While even six months ago retailers unanimously sung the praises of satellite radio with its CD quality audio, 100 channels and nationwide coverage; now many are voicing mundane concerns about consumer awareness, promotions and launch delays. Instead of talking about increased store traffic, retailers are now asking questions such as "How simple will the activation process be? Will there be sufficient national advertising? And will the programming be strong enough to coax the youth demographic into paying $10 to $13 a month?"
Many now claim the key to satellite radio's success depends on advertising and programming.
Steve Laplant, general manager for Jo-Di's, Hartford, Conn., expressed a common worry. "I'm concerned with how many people in the United States will spend $10 a month to listen to whatever they want. I know I just reach in the backseat and pull out a CD. So I am concerned with how many customers will sign up initially." He added, "I think it would be easier to sell if the service was packaged into the price of hardware. I think people are getting maxed out with monthly bills between cellphones, pagers, car and mortgage payments."
Joe Komaromi, president of Pacific Audio & Alarm, Fullerton, Calif., claimed, "The only thing that will drive it is marketing. If the satellite radio companies push the marketing, it will go, but if the dealer has to bear the brunt of the marketing, it won't fly. The consumer won't believe us."
Young people, especially, may have problems paying for a monthly service charge, said retailers, with several noting that kids have the option of downloading MP3 files from the Internet to listen to whatever they want, without a monthly charge.
Bob Zinno, VP of Boomer McLoud, Newington, Conn., said he sees the early adopters as an older audience. "It's like anything else. Initially it will be an older demographic because a kid is not necessarily going to run out for this. But for an older guy, to get a choice of music for nine bucks a month is a no-brainer, plus it's crystal clear sound."
Other key dealer concerns centered on promotions and pricing as Sirius and XM have yet to announce their advertising plans and full details for activation and compensation (see story, p. 29).
A spokesman for Car Toys, Tulsa, Okla., said, "I think most people won't be willing to invest in what it takes to receive satellite radio unless it is extremely inexpensive. Initially, I think the sales will be slow unless they are real aggressive with marketing it. If you give people $1 installations or give the equipment away, then it could take off. But in my opinion, since most of the kids can get their music for free, why would they pay for it?"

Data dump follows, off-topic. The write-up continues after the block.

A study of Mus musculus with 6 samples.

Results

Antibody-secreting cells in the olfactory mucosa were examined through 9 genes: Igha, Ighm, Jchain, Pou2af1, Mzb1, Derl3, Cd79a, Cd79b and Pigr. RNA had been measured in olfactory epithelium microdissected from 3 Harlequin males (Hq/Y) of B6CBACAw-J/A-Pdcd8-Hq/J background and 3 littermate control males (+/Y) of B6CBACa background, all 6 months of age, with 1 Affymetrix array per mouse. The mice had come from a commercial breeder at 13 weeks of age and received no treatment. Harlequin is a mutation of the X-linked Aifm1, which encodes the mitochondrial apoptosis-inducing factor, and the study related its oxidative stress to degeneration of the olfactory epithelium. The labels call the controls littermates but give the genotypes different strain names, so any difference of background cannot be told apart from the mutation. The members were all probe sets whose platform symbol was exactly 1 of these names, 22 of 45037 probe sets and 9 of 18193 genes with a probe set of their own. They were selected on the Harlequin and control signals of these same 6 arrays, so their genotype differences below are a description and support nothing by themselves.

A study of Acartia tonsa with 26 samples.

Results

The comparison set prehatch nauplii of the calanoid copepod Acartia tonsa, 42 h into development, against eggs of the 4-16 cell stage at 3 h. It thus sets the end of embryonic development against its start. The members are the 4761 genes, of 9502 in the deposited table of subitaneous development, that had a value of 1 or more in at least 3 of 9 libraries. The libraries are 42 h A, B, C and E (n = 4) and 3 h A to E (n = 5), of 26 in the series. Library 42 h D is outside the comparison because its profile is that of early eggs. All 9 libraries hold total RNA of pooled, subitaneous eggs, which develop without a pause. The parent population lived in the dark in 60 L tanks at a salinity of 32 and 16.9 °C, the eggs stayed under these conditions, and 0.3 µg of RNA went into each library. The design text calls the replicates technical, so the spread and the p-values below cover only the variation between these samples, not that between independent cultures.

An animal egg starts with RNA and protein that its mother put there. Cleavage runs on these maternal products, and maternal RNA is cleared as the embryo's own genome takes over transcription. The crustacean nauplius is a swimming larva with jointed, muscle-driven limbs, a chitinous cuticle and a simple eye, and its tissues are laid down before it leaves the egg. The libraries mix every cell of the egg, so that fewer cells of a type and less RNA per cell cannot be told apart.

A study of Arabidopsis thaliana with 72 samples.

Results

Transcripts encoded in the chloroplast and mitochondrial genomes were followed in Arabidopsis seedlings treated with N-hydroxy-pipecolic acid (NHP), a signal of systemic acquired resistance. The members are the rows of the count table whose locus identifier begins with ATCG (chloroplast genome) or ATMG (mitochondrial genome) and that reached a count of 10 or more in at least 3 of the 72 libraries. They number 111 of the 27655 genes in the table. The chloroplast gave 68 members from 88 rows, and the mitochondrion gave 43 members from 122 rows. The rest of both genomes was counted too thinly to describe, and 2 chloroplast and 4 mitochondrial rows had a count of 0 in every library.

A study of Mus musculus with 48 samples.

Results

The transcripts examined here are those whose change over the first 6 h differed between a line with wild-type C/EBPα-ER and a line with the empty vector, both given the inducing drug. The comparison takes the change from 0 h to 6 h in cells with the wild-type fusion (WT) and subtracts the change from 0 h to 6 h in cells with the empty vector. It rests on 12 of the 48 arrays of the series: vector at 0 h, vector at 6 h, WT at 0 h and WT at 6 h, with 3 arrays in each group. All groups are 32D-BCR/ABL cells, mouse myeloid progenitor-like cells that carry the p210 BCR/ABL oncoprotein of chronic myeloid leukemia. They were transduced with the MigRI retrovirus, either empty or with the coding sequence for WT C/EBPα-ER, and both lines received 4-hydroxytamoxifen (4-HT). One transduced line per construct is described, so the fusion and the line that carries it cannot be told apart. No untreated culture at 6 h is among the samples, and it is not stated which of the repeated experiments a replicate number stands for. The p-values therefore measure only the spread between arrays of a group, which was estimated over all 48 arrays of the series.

Alpine said its lowest XM-ready head unit costs $269 and requires a $299 adapter.
On the plus side, retailers claim that satellite radio offers strong revenue potential through equipment upgrading.
John Haynes, purchasing manager for Al & Ed's, Monterey Park, Calif., said, "We are very excited about the prospects of satellite radio being offered to our customers. The innovations in our industry sometimes come few and far between. The jury is still out if the consumer will pick up the value of it right away, but we believe it will be an important part of our business."
Similarly Tim Lavoie, president of Tim's Car Tunes, Indian Orchard, Mass., adds, "I hamper any of my concerns about satellite radio by saying it has been a very long time since there has been a product to drive people into the stores. And the advent of satellite radio will do for our industry what CD players did for the industry 15 years ago. It will create a new demand for the aftermarket."
Zinno is also taking the optimistic stand. "These are major, major league companies that will spend a lot of money in promotions once they are on the market. I'm giving it my seal of approval. Some dealers are just upset about the delay. The satellite radio companies came out and started to talk to dealers a year ago, so it loses its sizzle when it doesn't come out on time. We were hoping it would launch by summer and now we're looking at September, but I think it will spark consumer interest when it comes out."